Chevron wants collaborative value-chain mindset to unlock Nigeria’s gas potential
Chevron Nigeria Limited has called for a collaborative value-chain mindset as a critical requirement for unlocking Nigeria’s gas potential for its much required socio-economic development.
Speaking recently at a forum organised by Society for Petroleum Engineers (SPE) in Lagos, James Okereke of Chevron Nigeria/Mid Africa, stated, while delivery a paper titled: “Gas Utilisation in Nigeria: Challenges, Opportunities and Outlook”, that “collaborative value-chain mindset is a critical enabler to removing barriers/limitations and maximising the opportunities for the Utilisation of natural gas resources to power Nigeria’s socio-economic development.
He said in sustaining domestic gas supply in a regulated market, not purely determined by the demand and supply dynamics, certain building blocks should be considered in the gas pricing framework.
He said stability and predictability of government policies and regulations and guidelines are essential in maintaining the sanctity of long term gas supply contracts.
“Payment security is to ensure healthy cash flow which is essential for the development of gas sector and the economics to cover costs and guarantee returns on investment.
“Robust, healthy, vigorous and continuous engagement amongst key stakeholders is key to underpin more sustainable strategy and framework.
“With these and other key enablers, Nigeria should benefit from its huge gas Resources to develop its economy,” he said.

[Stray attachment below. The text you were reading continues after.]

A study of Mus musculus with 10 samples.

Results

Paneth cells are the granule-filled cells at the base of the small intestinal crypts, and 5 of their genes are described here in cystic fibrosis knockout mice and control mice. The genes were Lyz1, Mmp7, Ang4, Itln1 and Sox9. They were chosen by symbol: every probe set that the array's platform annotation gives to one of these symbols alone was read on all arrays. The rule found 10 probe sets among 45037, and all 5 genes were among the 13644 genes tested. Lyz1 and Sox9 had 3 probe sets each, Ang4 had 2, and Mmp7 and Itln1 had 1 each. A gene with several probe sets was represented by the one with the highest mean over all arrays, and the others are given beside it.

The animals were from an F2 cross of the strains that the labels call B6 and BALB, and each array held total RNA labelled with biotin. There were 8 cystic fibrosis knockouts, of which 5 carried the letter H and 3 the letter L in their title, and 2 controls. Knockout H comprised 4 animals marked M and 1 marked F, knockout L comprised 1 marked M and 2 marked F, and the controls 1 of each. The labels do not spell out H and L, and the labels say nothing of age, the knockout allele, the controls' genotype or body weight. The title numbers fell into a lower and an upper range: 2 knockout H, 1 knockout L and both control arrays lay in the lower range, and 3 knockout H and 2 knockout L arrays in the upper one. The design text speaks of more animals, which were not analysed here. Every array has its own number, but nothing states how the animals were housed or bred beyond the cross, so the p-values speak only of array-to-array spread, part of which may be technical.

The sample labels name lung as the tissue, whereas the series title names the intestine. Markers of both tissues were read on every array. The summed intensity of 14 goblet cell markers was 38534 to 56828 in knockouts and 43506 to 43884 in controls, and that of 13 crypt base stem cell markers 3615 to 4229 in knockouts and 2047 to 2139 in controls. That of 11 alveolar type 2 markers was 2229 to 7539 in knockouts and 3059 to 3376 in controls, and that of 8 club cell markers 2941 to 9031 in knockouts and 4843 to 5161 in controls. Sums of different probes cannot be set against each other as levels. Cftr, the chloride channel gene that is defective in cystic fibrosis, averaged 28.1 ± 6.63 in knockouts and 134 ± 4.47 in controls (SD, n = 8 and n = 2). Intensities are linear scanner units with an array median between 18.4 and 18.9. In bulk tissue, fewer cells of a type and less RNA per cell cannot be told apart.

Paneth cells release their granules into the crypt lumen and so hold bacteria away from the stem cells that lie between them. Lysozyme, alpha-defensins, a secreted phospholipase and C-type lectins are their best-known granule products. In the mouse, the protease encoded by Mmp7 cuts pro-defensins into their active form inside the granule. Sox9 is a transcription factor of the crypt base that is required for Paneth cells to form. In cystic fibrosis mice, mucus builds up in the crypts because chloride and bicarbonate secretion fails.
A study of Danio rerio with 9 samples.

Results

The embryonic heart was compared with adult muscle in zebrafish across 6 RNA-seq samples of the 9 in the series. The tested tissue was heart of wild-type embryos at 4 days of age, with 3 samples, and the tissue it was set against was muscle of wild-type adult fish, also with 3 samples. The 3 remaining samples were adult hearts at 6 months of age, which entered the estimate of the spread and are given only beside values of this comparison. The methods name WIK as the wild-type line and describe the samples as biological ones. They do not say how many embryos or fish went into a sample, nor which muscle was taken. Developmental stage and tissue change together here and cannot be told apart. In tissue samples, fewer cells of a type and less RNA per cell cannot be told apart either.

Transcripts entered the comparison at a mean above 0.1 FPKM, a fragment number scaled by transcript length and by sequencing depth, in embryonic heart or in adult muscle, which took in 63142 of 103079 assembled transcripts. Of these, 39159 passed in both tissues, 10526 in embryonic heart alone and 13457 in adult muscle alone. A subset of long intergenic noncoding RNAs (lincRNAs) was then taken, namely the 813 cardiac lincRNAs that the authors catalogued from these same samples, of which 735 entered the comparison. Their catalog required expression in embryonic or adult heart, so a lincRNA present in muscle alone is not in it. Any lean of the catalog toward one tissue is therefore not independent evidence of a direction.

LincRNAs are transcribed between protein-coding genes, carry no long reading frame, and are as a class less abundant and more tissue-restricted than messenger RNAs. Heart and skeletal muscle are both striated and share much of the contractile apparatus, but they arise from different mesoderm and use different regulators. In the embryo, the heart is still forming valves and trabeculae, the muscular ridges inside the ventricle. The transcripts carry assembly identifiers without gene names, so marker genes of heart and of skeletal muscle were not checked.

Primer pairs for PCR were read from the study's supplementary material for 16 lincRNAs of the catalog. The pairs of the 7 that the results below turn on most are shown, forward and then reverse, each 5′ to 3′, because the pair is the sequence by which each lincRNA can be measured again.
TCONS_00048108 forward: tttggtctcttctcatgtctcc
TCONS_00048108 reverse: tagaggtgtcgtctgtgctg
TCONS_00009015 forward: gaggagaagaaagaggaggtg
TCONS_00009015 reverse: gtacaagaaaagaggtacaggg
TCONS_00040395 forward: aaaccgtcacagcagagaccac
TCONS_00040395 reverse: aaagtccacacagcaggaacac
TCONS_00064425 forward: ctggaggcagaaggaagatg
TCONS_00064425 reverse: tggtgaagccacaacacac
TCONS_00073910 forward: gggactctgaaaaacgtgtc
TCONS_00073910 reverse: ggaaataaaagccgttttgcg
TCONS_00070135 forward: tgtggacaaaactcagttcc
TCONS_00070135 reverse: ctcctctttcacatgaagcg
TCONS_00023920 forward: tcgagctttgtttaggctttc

He further listed the key enablers to include a seamless has value chain and enabling commercial framework, globally competitive fiscal, strong vital infrastructure and reliable cooperation, sustainable financials and policies and a conducive business environment.
Meanwhile, Okechukwu Mba, General Manager, Gas, Seplat Petroleum Development Company Plc, argued that gas would grow from source of revenue earnings to an economic enabler if domestic usage of gas can be improved upon.
Nigeria has 200 trillion cubic feet of gas reserves, making it the ninth largest reserves in the world but total gas production remains 7.6 standard cubic feet per day with about 44 per cent of total production exported. Only 14 per cent of gas available for domestic economic growth, he said this must expand rapidly.
According to him, “in 2017, less than 10 per cent of gas produced was supplied to the power sector. Consequently, some power plants did not have sufficient gas to generate electricity. Certain heavy duty industries such as cement, aluminium and steel plants run on less efficient HPFO/diesel. Nigeria’s gas sector suffers from inadequate gas distribution infrastructure and lack of bankable agreements.”